Credit loss expense for the apex bank rose to N875.2 billion from N498.2 billion a year earlier, according to its recently released audited earnings report.
The Central Bank of Nigeria (CBN) turned in a higher net profit for 2022, achieved amid a sharp deterioration in the credit quality of its risk assets.
The bank’s financial records showed that failure to keep its relationship with the Nigerian government at arm’s length, as the banking industry regulator, put its credibility in danger.
Credit loss expense for the banking regulator increased to N875.2 billion from N498.2 billion a year earlier, according to its recently released audited earnings report.
Its lending to the government constituted as much as 74 per cent of the loans and receivables that contributed N610 billion of both the total impairment loss and credit loss expenses for the year.
In a report of their findings that accompanied the document, independent auditors Ernst & Young and KPMG jointly highlighted the bank’s impaired loans as the key audit matter of their scrutiny.
“The impairment of loans and advances … is considered a key audit matter due to the significance of the amount, and the level of subjectivity, uncertainty and complexity involved in estimating the key assumptions that impact the recoverability of the loans and advances,” they wrote.
The central bank’s lending to the Nigerian government through short-term overdrafts known as Ways and Means had ballooned 30 times over to N23.2 trillion between 2015 when former President Muhammadu Buhari took office to the end of last year.
That defies the law allowing not more than 5 per cent of the government’s preceding year’s revenue to be advanced and requiring that the credit be repaid in the same year of borrowing.
“As at 31 December 2022, the Bank had advanced a total of ₦23.18 trillion to the Federal Government which exceeded the statutory limit by ₦22.9 trillion,” the CBN itself admitted in the document.
An eleventh-hour move by the Buhari administration to regularise the borrowing gained legislative approval early May, setting in motion the process for converting the advance into a long-tenor bond repayable in 40 years.
The overdraft will shoot up Nigeria’s current debt by half to around N69 trillion when the process is completed.
“The capital market does not have the capacity to absorb 22.7 trillion worth of debt,” Bloomberg quoted Adetilewa Adebajo, the chief executive of the consultancy firm CFG Advisory as saying in a report in May.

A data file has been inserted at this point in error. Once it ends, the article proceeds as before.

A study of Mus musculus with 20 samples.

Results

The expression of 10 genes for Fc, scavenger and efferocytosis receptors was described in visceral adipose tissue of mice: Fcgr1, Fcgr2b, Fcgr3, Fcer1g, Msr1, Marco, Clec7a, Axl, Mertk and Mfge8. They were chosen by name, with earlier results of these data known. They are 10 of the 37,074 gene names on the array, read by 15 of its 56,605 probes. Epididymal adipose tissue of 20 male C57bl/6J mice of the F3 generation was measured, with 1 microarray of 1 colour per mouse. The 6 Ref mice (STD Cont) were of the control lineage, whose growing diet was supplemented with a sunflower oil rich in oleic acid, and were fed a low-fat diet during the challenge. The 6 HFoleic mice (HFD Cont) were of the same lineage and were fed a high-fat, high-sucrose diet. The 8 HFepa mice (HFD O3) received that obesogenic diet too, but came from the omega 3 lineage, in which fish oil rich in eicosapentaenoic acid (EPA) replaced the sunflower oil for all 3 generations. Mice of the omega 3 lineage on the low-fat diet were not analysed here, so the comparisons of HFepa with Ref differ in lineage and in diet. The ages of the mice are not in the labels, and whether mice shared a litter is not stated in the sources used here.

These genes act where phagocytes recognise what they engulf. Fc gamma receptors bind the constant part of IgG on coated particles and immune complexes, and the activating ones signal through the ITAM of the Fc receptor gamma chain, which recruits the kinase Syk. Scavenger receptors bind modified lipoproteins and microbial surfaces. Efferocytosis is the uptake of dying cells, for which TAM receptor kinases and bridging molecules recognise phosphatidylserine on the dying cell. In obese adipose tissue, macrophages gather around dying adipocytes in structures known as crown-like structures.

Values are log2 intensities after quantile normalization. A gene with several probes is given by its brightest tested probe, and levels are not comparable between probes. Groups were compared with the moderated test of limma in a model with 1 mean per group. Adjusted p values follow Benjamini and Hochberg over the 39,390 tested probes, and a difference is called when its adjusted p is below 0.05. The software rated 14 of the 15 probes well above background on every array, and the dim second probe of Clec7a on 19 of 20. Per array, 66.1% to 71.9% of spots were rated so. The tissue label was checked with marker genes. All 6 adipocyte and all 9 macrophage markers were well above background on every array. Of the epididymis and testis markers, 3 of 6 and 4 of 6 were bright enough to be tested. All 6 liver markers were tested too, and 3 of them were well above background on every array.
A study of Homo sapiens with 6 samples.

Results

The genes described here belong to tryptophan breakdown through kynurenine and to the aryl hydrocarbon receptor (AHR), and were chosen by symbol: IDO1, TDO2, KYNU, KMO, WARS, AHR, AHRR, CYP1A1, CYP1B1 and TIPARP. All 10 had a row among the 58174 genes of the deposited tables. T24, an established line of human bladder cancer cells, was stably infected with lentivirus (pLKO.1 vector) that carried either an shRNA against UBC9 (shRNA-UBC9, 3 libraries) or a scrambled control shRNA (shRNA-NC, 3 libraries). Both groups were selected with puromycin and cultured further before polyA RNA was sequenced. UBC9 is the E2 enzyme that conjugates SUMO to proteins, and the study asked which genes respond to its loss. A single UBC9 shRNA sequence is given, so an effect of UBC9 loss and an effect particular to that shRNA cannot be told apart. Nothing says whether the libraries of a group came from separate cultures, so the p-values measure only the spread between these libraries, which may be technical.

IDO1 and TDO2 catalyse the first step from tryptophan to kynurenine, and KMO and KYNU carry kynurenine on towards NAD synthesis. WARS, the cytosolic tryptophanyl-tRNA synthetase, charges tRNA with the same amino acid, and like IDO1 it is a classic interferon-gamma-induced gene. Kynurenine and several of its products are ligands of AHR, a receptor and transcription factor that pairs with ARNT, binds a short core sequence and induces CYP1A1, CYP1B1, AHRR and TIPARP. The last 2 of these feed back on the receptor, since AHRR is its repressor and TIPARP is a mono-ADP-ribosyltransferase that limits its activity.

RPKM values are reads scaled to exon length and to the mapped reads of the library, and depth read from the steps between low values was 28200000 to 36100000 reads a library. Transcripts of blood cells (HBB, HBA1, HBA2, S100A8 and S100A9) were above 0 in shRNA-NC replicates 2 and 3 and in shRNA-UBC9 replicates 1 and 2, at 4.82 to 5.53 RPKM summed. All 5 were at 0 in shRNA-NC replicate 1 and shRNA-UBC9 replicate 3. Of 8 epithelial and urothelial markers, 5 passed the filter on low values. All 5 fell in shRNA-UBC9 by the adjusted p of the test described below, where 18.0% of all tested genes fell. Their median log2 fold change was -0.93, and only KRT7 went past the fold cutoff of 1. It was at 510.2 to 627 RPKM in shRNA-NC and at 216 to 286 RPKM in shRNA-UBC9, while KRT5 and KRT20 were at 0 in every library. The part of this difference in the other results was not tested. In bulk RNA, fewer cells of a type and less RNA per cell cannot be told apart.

“It is surprising the Senate” is violating the law, he added.
Godwin Emefiele, under whose watch the malfeasance happened, has been taken into custody by the State Security Service, the government’s secret police, on the order of Bola Tinubu, who was inaugurated as president in May. He now faces charges involving possessing firearms without being licensed.
The financials of the CBN has been shrouded in secrecy for years, the last time it issued its annual report being 2015, until Thursday when it published a seven-year backlog of earnings reports.
To bring its activities to light, President Tinubu hired a one-time CEO of the Financial Reporting Council of Nigeria (FRCN) Jim Obazee as the special investigator to undertake a forensic audit of its books.
According to the 2022 financials, the CBN borrowed N3.1 trillion ($7 billion) and N230 billion ($500 million) from big global lenders JP Morgan and Goldman Sachs, summing up to a balance of N3.3 trillion ($7.5 billion) in 2021.
The terms of the securities lending arrangement allow the two lenders to hold the CBN’s securities, pledged as collateral, in exchange for the cash it received from the lenders.
Under interest income for the year, the bank vaguely included N1.9 trillion as interest receivable from the Nigerian government on the overdraft facility in question without further details of how it arrived at the figure.
Its profit after tax stood at N103.9 billion relative to N75.1 billion one year prior. Total assets were up 9.5 per cent at N60 trillion.